Achilles Tendonitis is the inflammation of the Achilles Tendon. The Achilles Tendon is the longest tendon in the body, connecting our calf muscles (gastrocnemius and soleus) to the heel bone (calcaneus).


Signs and Symptoms of Achilles Tendonitis

  • Pain experienced just above the back of the heel when walking
  • Swelling and inflammation occur where pain is felt
  • Often experience tight calf muscles
  • Tender when touching the tendon
  • Thickening of the tendon
  • A spur may develop on the back of the heel if repetitive stress and strain on the tendon persists over a long period of time
  • In extreme cases detachment (breakage) may occur while walking if the condition is left untreated and stress and strain continue to be exerted on the Achilles

Causes of Achilles Tendonitis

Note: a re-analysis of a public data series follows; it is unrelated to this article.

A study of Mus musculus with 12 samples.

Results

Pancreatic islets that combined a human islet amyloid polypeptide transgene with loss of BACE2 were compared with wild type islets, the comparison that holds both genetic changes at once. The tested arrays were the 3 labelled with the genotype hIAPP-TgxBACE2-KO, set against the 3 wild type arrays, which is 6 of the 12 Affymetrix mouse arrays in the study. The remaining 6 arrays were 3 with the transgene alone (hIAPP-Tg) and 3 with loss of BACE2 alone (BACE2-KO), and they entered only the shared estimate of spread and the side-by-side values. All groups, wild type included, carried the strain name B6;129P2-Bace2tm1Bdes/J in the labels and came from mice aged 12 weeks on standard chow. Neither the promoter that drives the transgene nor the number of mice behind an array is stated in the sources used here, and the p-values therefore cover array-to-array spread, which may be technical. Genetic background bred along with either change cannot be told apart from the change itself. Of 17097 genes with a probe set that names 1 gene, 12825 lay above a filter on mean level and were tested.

• Persistent stress and strain
  • Biomechanical problems of the foot – excessive pronation (inward rolling) or excessive supination (outward rolling)
  • Shortened Achilles tendon
  • Over activity of the foot, especially excessive running
  • Age–the tendon becomes less resilient, more susceptible to stress and strain

Treatments for Achilles Tendonitis

  • Remedial massage – acupressure work on both the gastrocnemius and soleus muscles (collectively known as our ‘calf muscles’). Be cautious, though, not to use excessive stretching treatment to avoid further aggravating any inflammation.
  • Acupuncture – reduces pain and inflammation. It has been scientifically proven that acupuncture helps release both natural endorphins, to relieve pain, and natural anti-inflammatory agents, to fight inflammation.
  • Cortisone injections can give temporary relief. However, avoid extended cortisone treatment as damage to the tendon, including breakage (detachment), could occur.
  • Orthotics-the root cause for most people with Achilles Tendonitis is over pronation (excessive inward rolling) of the foot. Over-the-counter orthotic footwear can help treat the great majority of people suffering this condition by providing sufficient foot arch support. In contrast, only a small percentage of people (approximately 5%) with a supinated foot structure (excessively high arched) should see a podiatrist for further assessment.